Background: Daytime hypercapnia is common in morbidly obese patients with obstructive sleep apnea and is associated with serious complications. Our objective was to quantify the effect of adherence with positive airway pressure on hypercapnia and hypoxia in these patients.
Methods: We performed a retrospective cohort study of 75 patients using a multivariable general linear model analysis to identify variables that predicted changes in PaCO2 and PaO2 after therapy. Bootstrap resampling methods were used to calculate confidence intervals for the effects of significant predictors and to internally validate the predictive models.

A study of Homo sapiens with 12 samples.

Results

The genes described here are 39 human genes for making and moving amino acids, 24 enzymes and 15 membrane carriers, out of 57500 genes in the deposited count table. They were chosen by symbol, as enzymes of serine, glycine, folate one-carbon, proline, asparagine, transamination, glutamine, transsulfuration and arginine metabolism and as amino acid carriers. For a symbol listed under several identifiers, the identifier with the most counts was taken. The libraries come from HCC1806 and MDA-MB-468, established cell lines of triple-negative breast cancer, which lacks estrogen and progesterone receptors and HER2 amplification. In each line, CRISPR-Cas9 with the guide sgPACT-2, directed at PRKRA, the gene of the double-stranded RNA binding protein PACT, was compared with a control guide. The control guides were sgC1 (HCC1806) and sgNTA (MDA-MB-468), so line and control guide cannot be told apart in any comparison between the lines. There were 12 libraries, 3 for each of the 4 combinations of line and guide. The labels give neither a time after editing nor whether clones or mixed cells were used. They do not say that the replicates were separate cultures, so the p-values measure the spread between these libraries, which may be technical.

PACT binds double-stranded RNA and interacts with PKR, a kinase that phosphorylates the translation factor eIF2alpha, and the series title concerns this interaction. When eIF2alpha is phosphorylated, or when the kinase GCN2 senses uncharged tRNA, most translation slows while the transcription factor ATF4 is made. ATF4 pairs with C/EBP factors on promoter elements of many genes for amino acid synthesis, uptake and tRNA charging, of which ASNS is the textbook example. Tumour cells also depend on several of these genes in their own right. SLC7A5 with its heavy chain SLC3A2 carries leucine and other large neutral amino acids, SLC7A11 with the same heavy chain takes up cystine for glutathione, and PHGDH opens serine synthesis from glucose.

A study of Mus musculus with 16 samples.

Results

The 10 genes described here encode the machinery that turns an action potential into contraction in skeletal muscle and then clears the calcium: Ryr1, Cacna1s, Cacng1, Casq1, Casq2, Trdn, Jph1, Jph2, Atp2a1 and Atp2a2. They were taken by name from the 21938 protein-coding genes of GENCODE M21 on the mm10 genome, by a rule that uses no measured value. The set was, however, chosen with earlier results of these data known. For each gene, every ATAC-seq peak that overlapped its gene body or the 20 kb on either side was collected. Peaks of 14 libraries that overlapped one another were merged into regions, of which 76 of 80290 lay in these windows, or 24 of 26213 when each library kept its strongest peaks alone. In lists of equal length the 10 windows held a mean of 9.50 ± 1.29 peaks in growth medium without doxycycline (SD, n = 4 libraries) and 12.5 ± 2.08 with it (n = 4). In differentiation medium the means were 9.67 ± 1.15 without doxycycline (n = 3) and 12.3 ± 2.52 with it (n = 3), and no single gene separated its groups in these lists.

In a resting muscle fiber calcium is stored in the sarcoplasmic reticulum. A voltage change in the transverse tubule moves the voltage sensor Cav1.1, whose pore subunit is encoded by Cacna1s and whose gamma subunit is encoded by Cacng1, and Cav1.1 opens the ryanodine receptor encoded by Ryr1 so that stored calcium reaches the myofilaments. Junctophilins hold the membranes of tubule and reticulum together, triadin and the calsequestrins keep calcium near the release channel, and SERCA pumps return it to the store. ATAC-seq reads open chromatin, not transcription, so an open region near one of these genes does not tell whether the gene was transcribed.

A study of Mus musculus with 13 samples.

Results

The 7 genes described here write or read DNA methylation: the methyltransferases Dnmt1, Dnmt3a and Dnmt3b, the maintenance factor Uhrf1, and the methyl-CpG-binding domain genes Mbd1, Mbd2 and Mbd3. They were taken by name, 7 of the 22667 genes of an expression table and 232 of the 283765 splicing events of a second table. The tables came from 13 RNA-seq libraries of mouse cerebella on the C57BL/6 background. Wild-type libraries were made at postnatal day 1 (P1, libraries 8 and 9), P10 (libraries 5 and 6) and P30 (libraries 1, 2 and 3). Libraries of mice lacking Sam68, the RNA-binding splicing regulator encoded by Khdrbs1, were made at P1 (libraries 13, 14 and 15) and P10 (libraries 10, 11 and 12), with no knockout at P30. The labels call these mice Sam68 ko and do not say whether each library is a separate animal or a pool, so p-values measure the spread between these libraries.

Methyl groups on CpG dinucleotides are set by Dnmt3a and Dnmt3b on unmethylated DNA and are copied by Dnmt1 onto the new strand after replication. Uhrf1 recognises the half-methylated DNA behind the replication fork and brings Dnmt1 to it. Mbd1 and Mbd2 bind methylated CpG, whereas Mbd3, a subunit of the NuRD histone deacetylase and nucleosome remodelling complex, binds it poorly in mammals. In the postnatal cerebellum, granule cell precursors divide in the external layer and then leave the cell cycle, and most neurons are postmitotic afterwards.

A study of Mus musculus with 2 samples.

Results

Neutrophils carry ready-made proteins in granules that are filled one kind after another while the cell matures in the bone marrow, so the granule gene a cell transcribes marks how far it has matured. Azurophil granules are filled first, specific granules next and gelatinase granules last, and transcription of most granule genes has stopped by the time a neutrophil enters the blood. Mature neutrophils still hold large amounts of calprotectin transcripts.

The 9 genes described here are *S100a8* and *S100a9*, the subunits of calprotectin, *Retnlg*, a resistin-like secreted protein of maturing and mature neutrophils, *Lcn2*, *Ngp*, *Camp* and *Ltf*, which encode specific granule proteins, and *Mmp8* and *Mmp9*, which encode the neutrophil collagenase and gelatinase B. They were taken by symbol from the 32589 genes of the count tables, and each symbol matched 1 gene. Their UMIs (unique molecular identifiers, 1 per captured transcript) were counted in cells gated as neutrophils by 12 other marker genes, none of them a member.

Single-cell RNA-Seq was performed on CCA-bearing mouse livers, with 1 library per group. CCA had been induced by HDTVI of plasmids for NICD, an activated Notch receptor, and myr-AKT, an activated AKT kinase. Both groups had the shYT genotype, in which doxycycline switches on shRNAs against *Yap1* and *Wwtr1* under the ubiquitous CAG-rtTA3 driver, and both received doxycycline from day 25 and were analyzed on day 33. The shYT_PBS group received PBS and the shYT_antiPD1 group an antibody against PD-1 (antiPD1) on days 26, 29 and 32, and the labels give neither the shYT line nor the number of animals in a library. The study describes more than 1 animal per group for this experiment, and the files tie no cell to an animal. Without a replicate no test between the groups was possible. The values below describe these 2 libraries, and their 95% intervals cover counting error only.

Results: The variables that predicted the change in PaCO2 were average daily hours of positive pressure therapy, FEV1 percentage of predicted, and baseline PaCO2 (model R(2) = 0.70). The PaCO2 dropped 1.84 mm Hg per hour of adherence and plateaued at 7 hours of average daily use. The PaO2 improved by approximately 3 mm Hg per hour of adherence and plateaued after 4.5 hours of therapy (model R2 = 0.48). Patients who used therapy for more than 4.5 hours per day experienced significant improvements in PaCO2 and PaO2 compared with less-adherent patients (APaCO2 7.7+/-5 vs 2.4+/-4 mm Hg, p < .001; delta PaO2 9.2+/-11 vs 1.8+/-9 mm Hg, p < .001). For adherent patients, the need for daytime home oxygen therapy decreased from 30% to 6% (p = .02).
Conclusion: In hypercapnic patients with obstructive sleep apnea, adherence with positive airway pressure is an important modifiable predictor of improvements in PaCO2 and PaO2, and its benefit plateaus between 5 and 7 hours of daily therapy.